Film Review: Corazón de fábrica (Heart of the Factory)
Despite the widespread perception of a turnaround in the Argentine economy in recent years and the institutionalization of popular movements, an ongoing workers’ struggle to lift local factories out of bankruptcy continues to inspire sectors of the Argentine population. Virna Molina and Ernesto Ardito’s Corazón de fábrica (Heart of the Factory, 2008) is not only a revealing account of workers’ reactions to the economic meltdown of 2001 but a multifaceted meditation on the political principles involved in the reorganization of a ceramic factory in the southern province of Neuquén. Corazón de fábrica attests to the pernicious impact that neoliberal policies have had on Argentine families, affecting every aspect of their lives: education, health, transportation, and, primarily, employment.
The film centers on a popular uprising of workers at the privately owned Zanón ceramic tile factory who resisted eviction when the factory closed its doors in the midst of the economic crisis. The workers appropriated the factory, created a cooperative, and renamed the company Fábrica sin Patrones (Factory without Bosses—FASINPAT). The long opening sequence, which features a group of schoolchildren observing the process of production, serves as an allegory for the mixing of earth and labor to create goods for the community. It is a rousing sequence, full of hope for the workers’ aspirations of rebuilding the country’s neglected industrial infrastructure in the aftermath of the crisis. Corazón de fábrica stresses the important work these collectives have done to educate their communities about processes of production and the fundamental role workers must play in determining the conditions of their labor. Molina and Ardito are seasoned filmmakers, and it shows. The pair directed the award-winning feature Raymundo (2003), an inspiring homage to the influential documentary director Raymundo Gleyzer, who was disappeared by the last dictatorship on May 27, 1976.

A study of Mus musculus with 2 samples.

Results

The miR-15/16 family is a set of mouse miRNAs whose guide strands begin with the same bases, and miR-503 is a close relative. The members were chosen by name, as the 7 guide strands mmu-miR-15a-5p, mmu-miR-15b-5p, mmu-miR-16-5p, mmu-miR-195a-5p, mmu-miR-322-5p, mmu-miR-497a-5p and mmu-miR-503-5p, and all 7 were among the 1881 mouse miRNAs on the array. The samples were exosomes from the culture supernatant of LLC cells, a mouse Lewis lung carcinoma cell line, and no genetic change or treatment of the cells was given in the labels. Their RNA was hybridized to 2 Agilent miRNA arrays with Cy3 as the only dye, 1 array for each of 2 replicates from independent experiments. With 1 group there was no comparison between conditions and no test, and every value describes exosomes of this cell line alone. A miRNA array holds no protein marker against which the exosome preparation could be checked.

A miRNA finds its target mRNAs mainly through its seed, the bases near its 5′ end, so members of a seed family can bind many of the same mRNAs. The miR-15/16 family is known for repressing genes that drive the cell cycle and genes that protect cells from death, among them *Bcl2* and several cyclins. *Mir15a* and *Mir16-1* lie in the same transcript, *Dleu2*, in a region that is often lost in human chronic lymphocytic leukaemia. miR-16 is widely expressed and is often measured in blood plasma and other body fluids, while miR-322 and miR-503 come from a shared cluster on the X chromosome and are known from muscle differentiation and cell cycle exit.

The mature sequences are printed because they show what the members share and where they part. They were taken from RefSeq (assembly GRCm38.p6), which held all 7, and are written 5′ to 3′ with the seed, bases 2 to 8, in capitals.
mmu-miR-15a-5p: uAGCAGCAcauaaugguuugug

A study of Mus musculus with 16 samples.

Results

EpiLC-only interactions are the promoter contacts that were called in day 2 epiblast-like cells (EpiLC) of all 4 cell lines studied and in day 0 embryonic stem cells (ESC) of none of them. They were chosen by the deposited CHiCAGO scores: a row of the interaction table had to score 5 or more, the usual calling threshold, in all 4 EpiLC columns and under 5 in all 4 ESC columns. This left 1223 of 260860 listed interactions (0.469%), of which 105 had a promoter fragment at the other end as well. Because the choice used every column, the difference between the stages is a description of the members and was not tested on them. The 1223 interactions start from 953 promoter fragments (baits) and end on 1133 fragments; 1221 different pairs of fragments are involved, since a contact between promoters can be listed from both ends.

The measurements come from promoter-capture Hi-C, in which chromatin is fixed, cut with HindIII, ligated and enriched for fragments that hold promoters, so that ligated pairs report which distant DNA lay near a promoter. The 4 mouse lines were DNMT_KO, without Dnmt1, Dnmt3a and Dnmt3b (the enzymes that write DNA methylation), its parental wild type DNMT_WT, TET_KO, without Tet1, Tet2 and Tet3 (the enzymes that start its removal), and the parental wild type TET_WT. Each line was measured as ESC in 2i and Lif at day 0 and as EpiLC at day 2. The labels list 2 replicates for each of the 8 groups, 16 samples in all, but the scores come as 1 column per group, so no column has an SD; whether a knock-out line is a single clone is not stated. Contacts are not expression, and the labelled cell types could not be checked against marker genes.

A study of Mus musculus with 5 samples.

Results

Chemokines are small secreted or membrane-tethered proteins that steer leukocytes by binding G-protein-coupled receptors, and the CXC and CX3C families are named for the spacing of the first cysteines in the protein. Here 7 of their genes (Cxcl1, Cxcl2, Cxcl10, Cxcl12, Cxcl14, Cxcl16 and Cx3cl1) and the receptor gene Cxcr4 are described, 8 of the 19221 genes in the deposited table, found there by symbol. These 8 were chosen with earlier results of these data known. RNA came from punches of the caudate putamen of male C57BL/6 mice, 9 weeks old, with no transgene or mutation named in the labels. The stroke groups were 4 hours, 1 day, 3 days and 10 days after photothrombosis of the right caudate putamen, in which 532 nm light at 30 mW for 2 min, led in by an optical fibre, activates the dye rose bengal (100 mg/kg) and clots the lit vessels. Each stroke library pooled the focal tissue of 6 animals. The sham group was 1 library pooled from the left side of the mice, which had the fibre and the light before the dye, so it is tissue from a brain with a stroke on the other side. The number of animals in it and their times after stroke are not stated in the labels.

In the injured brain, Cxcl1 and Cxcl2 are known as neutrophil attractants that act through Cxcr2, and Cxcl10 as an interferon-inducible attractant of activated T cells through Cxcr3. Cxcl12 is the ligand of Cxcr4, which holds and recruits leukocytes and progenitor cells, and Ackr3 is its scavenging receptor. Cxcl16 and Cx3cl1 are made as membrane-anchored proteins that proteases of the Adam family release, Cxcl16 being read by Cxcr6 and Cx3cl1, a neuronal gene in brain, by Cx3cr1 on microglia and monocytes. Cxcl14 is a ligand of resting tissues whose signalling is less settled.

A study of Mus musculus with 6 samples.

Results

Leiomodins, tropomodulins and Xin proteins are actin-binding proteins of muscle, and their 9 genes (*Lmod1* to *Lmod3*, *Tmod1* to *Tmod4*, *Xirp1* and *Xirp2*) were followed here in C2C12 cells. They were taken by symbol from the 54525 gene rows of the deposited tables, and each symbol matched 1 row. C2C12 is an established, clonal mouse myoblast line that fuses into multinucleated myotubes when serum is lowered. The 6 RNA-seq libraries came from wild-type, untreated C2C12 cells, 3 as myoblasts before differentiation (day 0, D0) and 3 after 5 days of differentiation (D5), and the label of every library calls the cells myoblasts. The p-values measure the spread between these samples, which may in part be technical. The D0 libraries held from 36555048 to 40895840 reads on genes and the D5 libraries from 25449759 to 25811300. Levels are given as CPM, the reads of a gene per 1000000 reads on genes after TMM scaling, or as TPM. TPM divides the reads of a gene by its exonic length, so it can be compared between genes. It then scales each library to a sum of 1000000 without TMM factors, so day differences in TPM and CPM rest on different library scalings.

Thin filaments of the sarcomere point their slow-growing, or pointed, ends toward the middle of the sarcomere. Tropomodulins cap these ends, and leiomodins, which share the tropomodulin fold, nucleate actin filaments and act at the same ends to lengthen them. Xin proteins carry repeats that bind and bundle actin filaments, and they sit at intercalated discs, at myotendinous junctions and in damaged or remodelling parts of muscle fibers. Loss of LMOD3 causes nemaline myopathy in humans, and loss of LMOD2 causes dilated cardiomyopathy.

Several of the essays in this issue refer to Gleyzer’s groundbreaking documentary work and its influence on contemporary filmmakers.
There are at least two versions of Corazón de fábrica, one of them 129 minutes long and the other 58 minutes. Latin American Perspectives is making available the latter version. Both are valuable testimonies of the arduous process of reaching decisions collectively. Without a doubt, this is why the film was screened for protesters at Occupy Wall Street. More important, with this film we learn about the strategies workers employed, sometimes haphazardly, to resist eviction and reorganize the factories— strategies that often entailed risking their lives and those of their families. Such everyday heroism constitutes a defense not only of employees’ rights in Argentina but of the rights of workers all over the world.